Townshend, Vt. -- THE FED'S reduction of one set of interest rates on Friday marked the beginning of the end of Alan Greenspan's war on inflation.
The war began in February 1994 with the Fed's quarter point increase in the rates that banks charge one another for overnight loans and led to a doubling of those rates, to 6 percent from 3 percent.
It is not quite over yet. The financial markets expect further cuts.
The war was phony. So was the enemy. Despite nonstop fretting by Mr. Greenspan, the Fed's chairman, no serious evidence of accelerating inflation ever emerged. For the first five months of 1995, consumer prices rose at a very modest 3.6 percent annual rate.
The economy is more fragile than the Fed had been willing to admit. For 18 months, we have been reassured that stable growth lay ahead. But now major indicators of growth like industrial production and the sales of cars and appliances -- all battered by needlessly high interest rates -- are down.
Yes, the economy may rebound from its multiple slowdowns. Sales of new homes -- not a generally reliable indicator -- looked good in May, but most other signs are bad.
On balance, the risk of recession is rising. The Fed's action shows that even its chairman has lost confidence in his earlier optimism.
The war against inflation was fought against an enemy that existed only in the imaginations and perhaps in the economic models of Mr. Greenspan and his colleagues. Yet there were casualties, as in all wars.
The middle class was hit hardest by rising adjustable-rate mortgages and the falling values of stock portfolios and pension funds most of last year, because when interest rates soar stock prices tend to fall.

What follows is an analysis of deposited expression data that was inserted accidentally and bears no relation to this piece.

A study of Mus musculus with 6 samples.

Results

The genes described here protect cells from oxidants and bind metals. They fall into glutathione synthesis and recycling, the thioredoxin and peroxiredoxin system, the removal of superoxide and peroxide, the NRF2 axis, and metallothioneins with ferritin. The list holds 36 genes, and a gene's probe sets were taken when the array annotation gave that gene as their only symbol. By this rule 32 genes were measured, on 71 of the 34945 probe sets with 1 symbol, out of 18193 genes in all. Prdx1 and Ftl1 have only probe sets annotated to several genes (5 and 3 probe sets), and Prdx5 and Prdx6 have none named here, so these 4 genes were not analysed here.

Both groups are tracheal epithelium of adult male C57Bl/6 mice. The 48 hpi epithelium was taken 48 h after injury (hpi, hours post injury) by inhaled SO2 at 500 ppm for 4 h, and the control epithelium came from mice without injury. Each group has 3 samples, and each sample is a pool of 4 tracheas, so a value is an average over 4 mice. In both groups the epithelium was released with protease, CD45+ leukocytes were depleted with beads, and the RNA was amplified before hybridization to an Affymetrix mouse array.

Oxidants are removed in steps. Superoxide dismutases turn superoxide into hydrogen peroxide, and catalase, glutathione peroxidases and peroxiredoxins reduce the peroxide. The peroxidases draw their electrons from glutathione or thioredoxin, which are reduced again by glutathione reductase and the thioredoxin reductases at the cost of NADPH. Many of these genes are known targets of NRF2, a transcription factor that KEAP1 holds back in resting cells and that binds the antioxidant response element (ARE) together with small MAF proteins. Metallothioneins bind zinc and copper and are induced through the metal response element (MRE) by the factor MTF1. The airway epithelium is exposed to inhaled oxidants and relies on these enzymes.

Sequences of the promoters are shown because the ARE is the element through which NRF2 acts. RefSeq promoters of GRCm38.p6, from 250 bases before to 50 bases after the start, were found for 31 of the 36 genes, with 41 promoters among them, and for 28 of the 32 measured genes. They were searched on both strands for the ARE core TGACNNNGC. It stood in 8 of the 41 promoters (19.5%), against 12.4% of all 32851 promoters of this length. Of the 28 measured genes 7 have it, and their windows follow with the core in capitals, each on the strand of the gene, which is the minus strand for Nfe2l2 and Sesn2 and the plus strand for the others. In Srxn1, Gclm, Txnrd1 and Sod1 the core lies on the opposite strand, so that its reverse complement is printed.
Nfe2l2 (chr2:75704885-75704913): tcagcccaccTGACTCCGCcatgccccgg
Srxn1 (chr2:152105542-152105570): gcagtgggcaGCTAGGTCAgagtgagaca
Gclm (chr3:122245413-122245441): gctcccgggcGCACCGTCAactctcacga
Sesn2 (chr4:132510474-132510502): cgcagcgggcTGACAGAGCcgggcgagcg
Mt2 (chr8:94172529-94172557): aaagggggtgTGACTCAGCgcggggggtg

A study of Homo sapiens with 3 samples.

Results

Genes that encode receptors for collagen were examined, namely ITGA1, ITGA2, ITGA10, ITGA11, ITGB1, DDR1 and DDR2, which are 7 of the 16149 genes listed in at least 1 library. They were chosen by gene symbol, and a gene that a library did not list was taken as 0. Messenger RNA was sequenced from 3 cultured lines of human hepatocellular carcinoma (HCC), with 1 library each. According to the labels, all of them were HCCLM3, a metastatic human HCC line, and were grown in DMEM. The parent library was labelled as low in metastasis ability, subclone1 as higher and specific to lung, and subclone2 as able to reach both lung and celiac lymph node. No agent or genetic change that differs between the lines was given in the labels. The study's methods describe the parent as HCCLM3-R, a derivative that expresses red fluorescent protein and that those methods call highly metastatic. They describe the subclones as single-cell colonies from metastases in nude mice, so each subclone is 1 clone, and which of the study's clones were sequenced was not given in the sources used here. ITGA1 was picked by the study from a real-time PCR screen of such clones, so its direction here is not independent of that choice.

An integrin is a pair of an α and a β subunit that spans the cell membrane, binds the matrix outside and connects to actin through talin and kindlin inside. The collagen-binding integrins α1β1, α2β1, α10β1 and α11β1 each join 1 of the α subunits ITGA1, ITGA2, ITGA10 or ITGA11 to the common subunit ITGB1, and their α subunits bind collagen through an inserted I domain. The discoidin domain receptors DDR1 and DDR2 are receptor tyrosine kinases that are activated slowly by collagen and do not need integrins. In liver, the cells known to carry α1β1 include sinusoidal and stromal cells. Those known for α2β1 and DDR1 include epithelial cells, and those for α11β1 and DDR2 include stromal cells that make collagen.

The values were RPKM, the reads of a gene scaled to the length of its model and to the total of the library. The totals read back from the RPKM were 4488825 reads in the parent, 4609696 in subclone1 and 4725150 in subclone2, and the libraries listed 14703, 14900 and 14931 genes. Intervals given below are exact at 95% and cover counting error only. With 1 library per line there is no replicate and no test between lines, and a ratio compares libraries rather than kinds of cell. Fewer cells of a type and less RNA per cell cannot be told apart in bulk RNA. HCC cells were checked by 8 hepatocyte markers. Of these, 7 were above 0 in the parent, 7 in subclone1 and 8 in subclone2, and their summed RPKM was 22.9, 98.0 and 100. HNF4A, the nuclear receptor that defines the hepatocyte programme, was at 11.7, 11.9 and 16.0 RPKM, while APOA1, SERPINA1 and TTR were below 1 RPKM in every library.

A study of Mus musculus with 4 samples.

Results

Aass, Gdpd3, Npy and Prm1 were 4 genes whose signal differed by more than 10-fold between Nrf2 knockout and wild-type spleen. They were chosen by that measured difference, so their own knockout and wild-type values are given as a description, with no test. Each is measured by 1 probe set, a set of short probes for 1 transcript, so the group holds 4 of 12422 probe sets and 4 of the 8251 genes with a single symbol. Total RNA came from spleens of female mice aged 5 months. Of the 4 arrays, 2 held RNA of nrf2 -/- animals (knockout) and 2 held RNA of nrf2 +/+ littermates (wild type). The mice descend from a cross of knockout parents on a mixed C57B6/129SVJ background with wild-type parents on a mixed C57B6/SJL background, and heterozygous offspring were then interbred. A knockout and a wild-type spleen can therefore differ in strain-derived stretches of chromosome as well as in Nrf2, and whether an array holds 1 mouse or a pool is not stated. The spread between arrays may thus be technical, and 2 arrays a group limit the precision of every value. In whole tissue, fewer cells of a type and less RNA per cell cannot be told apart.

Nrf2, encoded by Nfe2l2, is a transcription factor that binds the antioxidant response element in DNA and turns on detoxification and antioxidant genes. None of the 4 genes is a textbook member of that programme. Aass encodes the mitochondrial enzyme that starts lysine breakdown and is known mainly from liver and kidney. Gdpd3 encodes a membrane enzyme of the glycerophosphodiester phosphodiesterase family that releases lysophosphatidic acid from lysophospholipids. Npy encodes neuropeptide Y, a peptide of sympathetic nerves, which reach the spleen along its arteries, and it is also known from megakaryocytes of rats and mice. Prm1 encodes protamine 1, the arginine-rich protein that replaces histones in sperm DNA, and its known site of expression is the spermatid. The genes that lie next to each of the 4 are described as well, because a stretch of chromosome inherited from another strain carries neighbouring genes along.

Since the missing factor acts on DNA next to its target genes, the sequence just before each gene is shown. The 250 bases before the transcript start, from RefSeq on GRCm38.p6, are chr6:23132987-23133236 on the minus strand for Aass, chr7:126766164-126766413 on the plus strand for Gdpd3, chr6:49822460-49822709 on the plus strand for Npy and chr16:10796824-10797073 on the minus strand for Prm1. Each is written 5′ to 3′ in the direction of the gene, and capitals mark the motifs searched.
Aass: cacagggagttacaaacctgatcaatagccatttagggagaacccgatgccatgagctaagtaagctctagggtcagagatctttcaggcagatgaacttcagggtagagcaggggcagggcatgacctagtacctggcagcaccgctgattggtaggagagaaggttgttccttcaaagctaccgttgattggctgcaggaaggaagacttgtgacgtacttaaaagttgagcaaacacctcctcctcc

The five-year federal deficit rose by some $200 billion in prospective interest costs, reversing much of the 1993 reduction. President Clinton's credibility has been damaged, for he had promised falling deficits and lower interest rates.
The Fed should have done nothing last year. Stable and low short-term rates would have generated stronger growth, lower long-term rates, higher investment and lower deficits -- without bringing on inflation.
If the Fed's campaign was based on a potpourri of prejudices, hunches and assumptions, an excessive fear of rising inflation and an insufficient fear of rising unemployment, then the operating methods and the biases of the decision-makers must be questioned.
The Fed's analytic methods are dubious. It has underrated fundamental changes in the economy, and it still places too much weight on the hoary assumption that inflation will rise if unemployment falls below 6 percent. It is currently 5.6 percent.
The Fed's economists apparently failed to predict that wages would stand still.
Since wages are always the largest element of costs, stagnating wages mean fairly stable, not inflating, prices.
There has been no increase in average wages despite falling unemployment, which reflects an increased demand for labor.
Why this stagnation? One big reason is the decline of unions. Another is intense competition from imports from low-wage countries.
When Mr. Greenspan next appears before Congress, he should be pressed for a full accounting of the forecasts and the theories underlying the needless war.
Congress should request the full records of Fed meetings and supporting analyses so that it and outside experts can try to understand what went wrong.
And when Mr. Clinton nominates his next candidate for the Fed's board, he and Congress should insist on a new spirit of openness in Fed deliberations.
James K. Galbraith teaches economics at the University of Texas at Austin.